Niki Lauda has revealed that he was begging for Lewis Hamilton to drop out of the lead of last year's Singapore Grand Prix to help persuade the Briton to leave McLaren for Mercedes in 2013.

Speaking ahead of the weekend's Autosport Awards, the Austrian told Reuters that he felt he needed divine intervention after Hamilton appeared unsure of the move away from the team that had nurtured his rise to the top flight. Lauda explained that clandestine meetings with his target were not being helped by McLaren's return to front-running form, and left him pleading for a mishap in the following night's race around Marina Bay.

"I had to see him in his room between two to four in the morning," the three-time world champion recalled, "I remember the discussion because he was on pole position with McLaren, was basically winning everything and I asked him 'would you consider going over to Mercedes?'.


Sensing that Hamilton might be persuaded to stay put, despite an apparent rift developing with McLaren management, Lauda called on a higher power.

"I was sitting in front of the television, saying 'please crash, please retire'. I was sitting and waiting for this and, bingo, gearbox gone. I went to see him right after that."

Having used the added persuasion of suggesting that the Briton could become a legend if he succeeded where seven-time world champion Michael Schumacher had failed and took Mercedes to race wins and championship success, Lauda eventually turned his man - and Hamilton now admits that the decision to quit Woking and head for Brackley was the right one.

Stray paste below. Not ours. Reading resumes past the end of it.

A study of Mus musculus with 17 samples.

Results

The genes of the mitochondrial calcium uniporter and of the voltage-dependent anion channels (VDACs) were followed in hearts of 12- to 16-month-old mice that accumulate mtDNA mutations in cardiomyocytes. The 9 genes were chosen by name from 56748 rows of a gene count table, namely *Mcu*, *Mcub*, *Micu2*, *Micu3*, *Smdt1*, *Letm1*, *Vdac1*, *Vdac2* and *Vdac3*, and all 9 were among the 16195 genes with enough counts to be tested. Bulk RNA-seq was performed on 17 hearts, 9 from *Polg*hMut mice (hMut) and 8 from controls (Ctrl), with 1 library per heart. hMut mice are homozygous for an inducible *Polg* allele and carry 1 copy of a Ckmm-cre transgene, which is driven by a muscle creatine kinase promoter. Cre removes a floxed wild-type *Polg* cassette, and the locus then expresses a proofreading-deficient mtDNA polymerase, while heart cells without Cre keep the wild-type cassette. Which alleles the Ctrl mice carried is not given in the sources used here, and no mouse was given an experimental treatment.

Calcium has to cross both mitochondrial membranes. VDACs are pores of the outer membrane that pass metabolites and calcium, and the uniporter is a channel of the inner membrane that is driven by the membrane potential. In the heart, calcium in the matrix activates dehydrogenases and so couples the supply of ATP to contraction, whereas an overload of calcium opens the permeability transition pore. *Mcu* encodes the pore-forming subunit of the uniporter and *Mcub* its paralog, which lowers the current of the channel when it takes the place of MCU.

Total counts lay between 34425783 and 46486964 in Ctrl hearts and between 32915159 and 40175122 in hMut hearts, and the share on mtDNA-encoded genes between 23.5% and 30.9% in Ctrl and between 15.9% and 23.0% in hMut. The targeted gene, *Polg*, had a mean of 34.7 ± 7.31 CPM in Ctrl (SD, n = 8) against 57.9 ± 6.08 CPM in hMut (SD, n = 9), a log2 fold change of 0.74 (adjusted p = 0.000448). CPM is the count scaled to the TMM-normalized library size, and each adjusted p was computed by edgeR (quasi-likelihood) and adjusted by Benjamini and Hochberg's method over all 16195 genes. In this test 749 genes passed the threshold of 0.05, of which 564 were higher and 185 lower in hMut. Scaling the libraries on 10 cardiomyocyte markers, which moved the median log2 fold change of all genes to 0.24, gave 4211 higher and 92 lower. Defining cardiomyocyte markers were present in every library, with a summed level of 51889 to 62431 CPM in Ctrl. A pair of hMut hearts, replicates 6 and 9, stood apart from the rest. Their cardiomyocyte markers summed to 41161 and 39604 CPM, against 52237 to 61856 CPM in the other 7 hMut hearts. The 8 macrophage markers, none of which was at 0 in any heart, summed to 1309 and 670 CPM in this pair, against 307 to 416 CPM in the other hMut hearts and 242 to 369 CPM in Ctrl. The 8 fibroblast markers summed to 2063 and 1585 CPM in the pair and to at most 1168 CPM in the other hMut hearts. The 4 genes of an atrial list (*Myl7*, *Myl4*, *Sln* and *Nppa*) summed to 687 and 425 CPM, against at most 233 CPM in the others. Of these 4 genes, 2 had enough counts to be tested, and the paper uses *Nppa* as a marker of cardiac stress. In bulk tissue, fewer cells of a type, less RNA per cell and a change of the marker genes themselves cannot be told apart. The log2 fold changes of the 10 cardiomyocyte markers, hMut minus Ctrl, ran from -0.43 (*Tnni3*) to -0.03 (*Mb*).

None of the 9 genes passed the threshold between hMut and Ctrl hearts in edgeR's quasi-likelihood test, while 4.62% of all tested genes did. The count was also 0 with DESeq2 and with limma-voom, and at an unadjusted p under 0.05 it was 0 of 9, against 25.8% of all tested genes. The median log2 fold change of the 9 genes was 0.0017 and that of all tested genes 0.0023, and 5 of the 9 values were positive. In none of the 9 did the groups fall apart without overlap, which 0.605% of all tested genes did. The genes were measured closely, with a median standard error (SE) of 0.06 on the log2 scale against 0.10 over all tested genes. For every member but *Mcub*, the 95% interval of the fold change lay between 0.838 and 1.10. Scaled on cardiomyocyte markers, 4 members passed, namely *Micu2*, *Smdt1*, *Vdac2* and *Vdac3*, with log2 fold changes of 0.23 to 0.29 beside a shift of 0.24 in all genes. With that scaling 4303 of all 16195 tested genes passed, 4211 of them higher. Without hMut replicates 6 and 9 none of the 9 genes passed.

A reversal in fortune that saw Mercedes running right at the front while McLaren slumped in 2013 not only gave Hamilton five poles and a race win, but also saw him appear more content with life in general.

"Yeah, it's nice, it's great," he told ESPN, "I think 98 per cent of the people [doubted me], but it felt like the right choice to me and it has been, I've been really, really happy. It's much more than the results, it's been the whole experience of coming to terms with a new car and a new team. It's been really enjoyable."

Heading into a new era of F1, with new engines and drive-trains, also gives Hamilton more confidence for next season.

"The concept of something new and newness is exciting," he admitted, "If it was an evolution of this year's car, then it would be very hard to beat the Red Bulls because they are just so far ahead. I'm happy that it's all reset again.

"To see the developments [at Mercedes] keep coming through is a really good step. Of course, we want more next year and I hope we will deliver that, but I thought this year would be a foundation building year, I just didn't realise the foundation would be that positive."